With digital assets scattered around IT environments and data breaches still a constant concern, companies face a daunting security challenge: how do they harmonize the security model to avoid using different tools and best practices for the traditional three-tier data center than they have for the cloud?
A recent study revealed that securing data moving between on-site and the cloud was the second data protection obstacle, followed only by protecting against malicious damage/hacking.
A more programmatic approach that explores and incorporates all data sources and networks into a holistic security strategy is required by organizations today.
User Behavior Is Important
A more user-centric approach is required. In other words, the security policies should be applied to each user individually, based on where they fall on the risk scale. Depending on the actions of an individual, such risk assessments and the policy implementation based on them will change dynamically.
This notion is confirmed by the study findings. Businesses deploying behavioral analytics, machine learning, and cloud-based access controls were the least likely to have been violated.
Traditional approaches to security have been established to secure a conventional infrastructure with a defined perimeter. As the perimeter is all but gone, organizations that identify data movements between data centers and the cloud and enforce policies that account for changing risk factors, such as the device and network in use and the user’s identity and job status, are more likely to avoid breaches.
1. Deploy Data Loss Prevention (DLP) systems with machine learning, automation, and data analytics.
Companies that have added automated DLP systems can easily detect users’ patterns of activity and learn from them to grant or deny access automatically based on the significant variables of the business.
2. Implement user-centric policies.
Securing channels one by one is not easy as staff interacts with information on PCs, tablets, USB sticks, email, etc., especially when using different security products that do not integrate. It’s easier to track data based on user variables like device, network, and application.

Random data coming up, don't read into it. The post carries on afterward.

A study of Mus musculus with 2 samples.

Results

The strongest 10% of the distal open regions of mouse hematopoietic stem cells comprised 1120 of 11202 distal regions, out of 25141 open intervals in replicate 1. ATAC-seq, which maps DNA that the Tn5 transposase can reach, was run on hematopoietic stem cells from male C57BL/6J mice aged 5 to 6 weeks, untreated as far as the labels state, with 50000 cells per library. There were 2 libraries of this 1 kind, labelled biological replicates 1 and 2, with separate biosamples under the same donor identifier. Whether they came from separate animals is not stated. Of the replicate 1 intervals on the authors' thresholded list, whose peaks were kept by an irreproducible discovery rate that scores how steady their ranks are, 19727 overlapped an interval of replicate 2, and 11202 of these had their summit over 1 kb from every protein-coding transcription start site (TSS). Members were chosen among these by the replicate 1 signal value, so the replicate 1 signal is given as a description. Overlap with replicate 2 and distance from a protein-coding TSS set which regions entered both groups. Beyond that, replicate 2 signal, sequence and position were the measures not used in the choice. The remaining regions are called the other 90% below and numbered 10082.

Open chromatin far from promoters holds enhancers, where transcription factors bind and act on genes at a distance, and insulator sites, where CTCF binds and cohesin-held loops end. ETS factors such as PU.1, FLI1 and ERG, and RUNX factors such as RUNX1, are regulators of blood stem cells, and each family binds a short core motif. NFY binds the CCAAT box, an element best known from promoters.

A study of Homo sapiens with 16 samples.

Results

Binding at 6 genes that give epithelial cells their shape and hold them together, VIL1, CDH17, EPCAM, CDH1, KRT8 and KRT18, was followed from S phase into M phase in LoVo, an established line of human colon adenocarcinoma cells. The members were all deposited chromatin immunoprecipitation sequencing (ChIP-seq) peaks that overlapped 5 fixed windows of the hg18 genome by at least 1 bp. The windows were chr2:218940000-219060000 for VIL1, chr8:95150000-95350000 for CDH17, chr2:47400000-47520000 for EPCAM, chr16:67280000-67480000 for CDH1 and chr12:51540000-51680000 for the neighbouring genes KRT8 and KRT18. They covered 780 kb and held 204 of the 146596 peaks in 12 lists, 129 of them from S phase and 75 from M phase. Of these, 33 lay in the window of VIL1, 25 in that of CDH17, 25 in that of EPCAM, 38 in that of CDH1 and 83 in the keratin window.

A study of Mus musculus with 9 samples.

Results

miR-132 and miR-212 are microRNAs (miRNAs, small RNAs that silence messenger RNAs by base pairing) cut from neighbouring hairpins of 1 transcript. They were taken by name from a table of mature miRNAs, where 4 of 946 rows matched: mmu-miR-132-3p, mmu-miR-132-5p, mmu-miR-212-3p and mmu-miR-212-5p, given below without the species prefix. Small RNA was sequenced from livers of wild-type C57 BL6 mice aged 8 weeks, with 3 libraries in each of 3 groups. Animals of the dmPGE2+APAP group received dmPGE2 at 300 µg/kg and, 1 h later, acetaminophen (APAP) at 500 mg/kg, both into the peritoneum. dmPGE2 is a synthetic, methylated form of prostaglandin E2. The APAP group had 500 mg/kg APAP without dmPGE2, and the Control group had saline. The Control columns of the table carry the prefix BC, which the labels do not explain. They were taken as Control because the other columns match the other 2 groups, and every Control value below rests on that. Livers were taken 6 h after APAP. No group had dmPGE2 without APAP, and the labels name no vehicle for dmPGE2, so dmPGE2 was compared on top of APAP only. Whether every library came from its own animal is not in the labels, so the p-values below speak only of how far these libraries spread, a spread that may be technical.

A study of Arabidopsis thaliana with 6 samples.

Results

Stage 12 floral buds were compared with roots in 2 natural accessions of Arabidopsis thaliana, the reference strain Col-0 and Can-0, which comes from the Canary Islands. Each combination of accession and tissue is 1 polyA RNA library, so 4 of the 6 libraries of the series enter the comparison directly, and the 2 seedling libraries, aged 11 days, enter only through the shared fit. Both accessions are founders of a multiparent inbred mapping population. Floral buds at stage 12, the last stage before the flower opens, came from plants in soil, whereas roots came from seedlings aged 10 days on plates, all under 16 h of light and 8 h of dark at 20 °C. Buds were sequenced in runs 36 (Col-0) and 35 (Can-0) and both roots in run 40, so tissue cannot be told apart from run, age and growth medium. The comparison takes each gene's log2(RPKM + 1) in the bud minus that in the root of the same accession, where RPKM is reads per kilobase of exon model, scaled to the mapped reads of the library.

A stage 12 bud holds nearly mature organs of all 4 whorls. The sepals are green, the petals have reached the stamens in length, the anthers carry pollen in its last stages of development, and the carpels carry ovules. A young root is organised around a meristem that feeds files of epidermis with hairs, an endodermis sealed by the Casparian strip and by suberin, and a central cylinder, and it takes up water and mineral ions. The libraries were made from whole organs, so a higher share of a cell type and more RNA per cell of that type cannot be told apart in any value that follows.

3. Be careful of protecting only a subset of your entire data.
Many enterprises run their DLP systems in audit-only mode or take a black-and-white approach to blocking or allowing all access to data. Besides, they protect data carefully but only for certain networks or avenues while leaving others wide open. These approaches leave organizations vulnerable to downtime, loss of reputation, fines, lawsuits, and loss of information.
4. Avoid a mix of unintegrated, point security products.
This mainly happens when businesses initially have a very simple requirement, which increases when security products are extended and integrated. Joining many security instruments leads to disconnects, gaps, and inefficiencies when you want a more comprehensive, streamlined, and efficient solution.
5. Assess emerging centralized security systems.
Newer, more unified systems will allow visibility through hybrid, private, and public cloud networks while automating security policies based on changing circumstances.
Although several businesses are struck by breaches, those with behavioral analytics, cloud data control, and machine learning who have added automation are much better. Focusing on the individual, taking a dynamic approach to evaluating their behavior, and changing security policies based on real risk can help organizations manage their security more effectively.